Starting tomorrow, Wednesday, April 10, in Auckland, New Zealand, and running through Sunday, April 21 (before moving on to Wellington between May 8-19), the Documentary Edge holds its ninth edition. The event, originally known as DOCNZ before a rebranding to emphasize its aim to showcase cutting edge fare, annually presents scores of acclaimed international docs as well as homegrown work in a series of thematic programs. More than sixty features and shorts screen this year, bookended by opening and closing night films, THE ISLAND PRESIDENT and MUSCLE SHOALS, respectively.
The festival’s World Cinema section presents more than a dozen diverse films exploring other lands and people. Among these are: Davor Dirlic’s MISSING IN THE LAND OF THE GODS, in which Australian parents search India for their son who vanished six years prior; Simonka de Jong’s THE ONLY SON, about the pressure facing a Westernized Tibetan man to return to his village to take care of his parents; Robyn Paterson’s FINDING MERCY, a personal search for the filmmaker’s childhood best friend in a repressive Zimbabwe; Hap Cameron and Richard Sidey’s BIKES FOR AFRICA (pictured), on the efforts of a Kiwi couple to set up a sustainable bicycle program in rural Namibia; Nitzan Gilady’s FAMILY TIME, in which the director gets to know his family during a road trip to the Grand Canyon; and Esther Hertog’s IDFA-winning SOLDIER ON THE ROOF, a look at life in the holy city of Hebron, home of a Palestinian majority and a Jewish settler minority.
Generation Next focuses on younger subjects and perspectives. Included in this category are: Hark Joon Lee’s 9 MUSES OF STAR EMPIRE, a behind-the-scenes look at the making of a K-pop girl group; Genevieve Bailey’s I AM ELEVEN, a survey of a diverse range of subjects on the cusp of adolescence; and Katrine Philp’s DANCE FOR ME, a portrait of two driven young dancers as they learn to work with one another. Documentary Edge’s arts section, Culture Vultures, features another dance-focused film, Sue Healey’s VIRTUOSI, about eight Kiwi dancers (screening in Wellington only). Other films in this category include Mike Jonathan’s ROAD TO THE GLOBE (pictured), following a Maori acting troupe as they prepare to take their spin on Shakespeare to his legendary London theatre; and Dustan Bruce’s THIS BAND IS SO GORGEOUS, about a middle-aged British punk band’s pioneering but chaotic tour of China.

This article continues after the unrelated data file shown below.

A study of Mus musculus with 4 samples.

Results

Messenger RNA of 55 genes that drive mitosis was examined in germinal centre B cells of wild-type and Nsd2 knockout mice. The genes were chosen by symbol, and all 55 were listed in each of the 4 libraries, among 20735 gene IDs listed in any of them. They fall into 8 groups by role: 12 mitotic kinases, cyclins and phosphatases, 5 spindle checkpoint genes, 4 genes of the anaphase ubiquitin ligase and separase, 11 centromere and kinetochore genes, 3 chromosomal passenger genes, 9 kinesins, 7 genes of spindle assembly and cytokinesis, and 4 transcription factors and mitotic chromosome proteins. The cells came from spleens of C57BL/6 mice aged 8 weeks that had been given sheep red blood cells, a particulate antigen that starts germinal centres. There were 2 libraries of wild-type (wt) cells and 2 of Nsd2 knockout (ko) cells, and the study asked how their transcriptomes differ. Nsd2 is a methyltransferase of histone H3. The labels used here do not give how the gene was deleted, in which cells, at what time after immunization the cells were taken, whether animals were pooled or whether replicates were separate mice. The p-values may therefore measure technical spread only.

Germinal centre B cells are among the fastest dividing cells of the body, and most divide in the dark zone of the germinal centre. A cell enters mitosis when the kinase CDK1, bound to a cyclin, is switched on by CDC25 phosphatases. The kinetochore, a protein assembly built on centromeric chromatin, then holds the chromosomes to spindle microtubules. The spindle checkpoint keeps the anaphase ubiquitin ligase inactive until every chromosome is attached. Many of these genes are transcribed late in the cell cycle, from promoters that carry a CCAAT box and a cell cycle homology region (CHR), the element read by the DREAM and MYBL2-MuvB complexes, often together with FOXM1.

Remaining thematic sections include Sign of the Times, which generally chronicles societal changes and activist docs, like Kathleen Mantel’s THE GREEN CHAIN, on a New Zealand sawmill industry whistleblower, and Ric Esther Bienstock’s TALES FROM THE ORGAN TRADE, an exposé of the black market in organ trafficking; Game On, the fest’s focus on sports docs, including James Brown’s RED WHITE BLACK & BLUE (pictured), which follows an African-American high school rugby team from South Los Angeles to New Zealand, and Monica De Alwis’ PRETTY BRUTAL, a portrait of Australasia’s first all-girl roller derby league; The American Dream, docs on the dark side of US politics and economic policy; Human Rights, a panorama of various social issue based films; and Special Presentations, to shine a spotlight on innovative projects like Slavko Martinov’s PROPAGANDA, a curious work either skewering North Korea or damning the West, or perhaps both.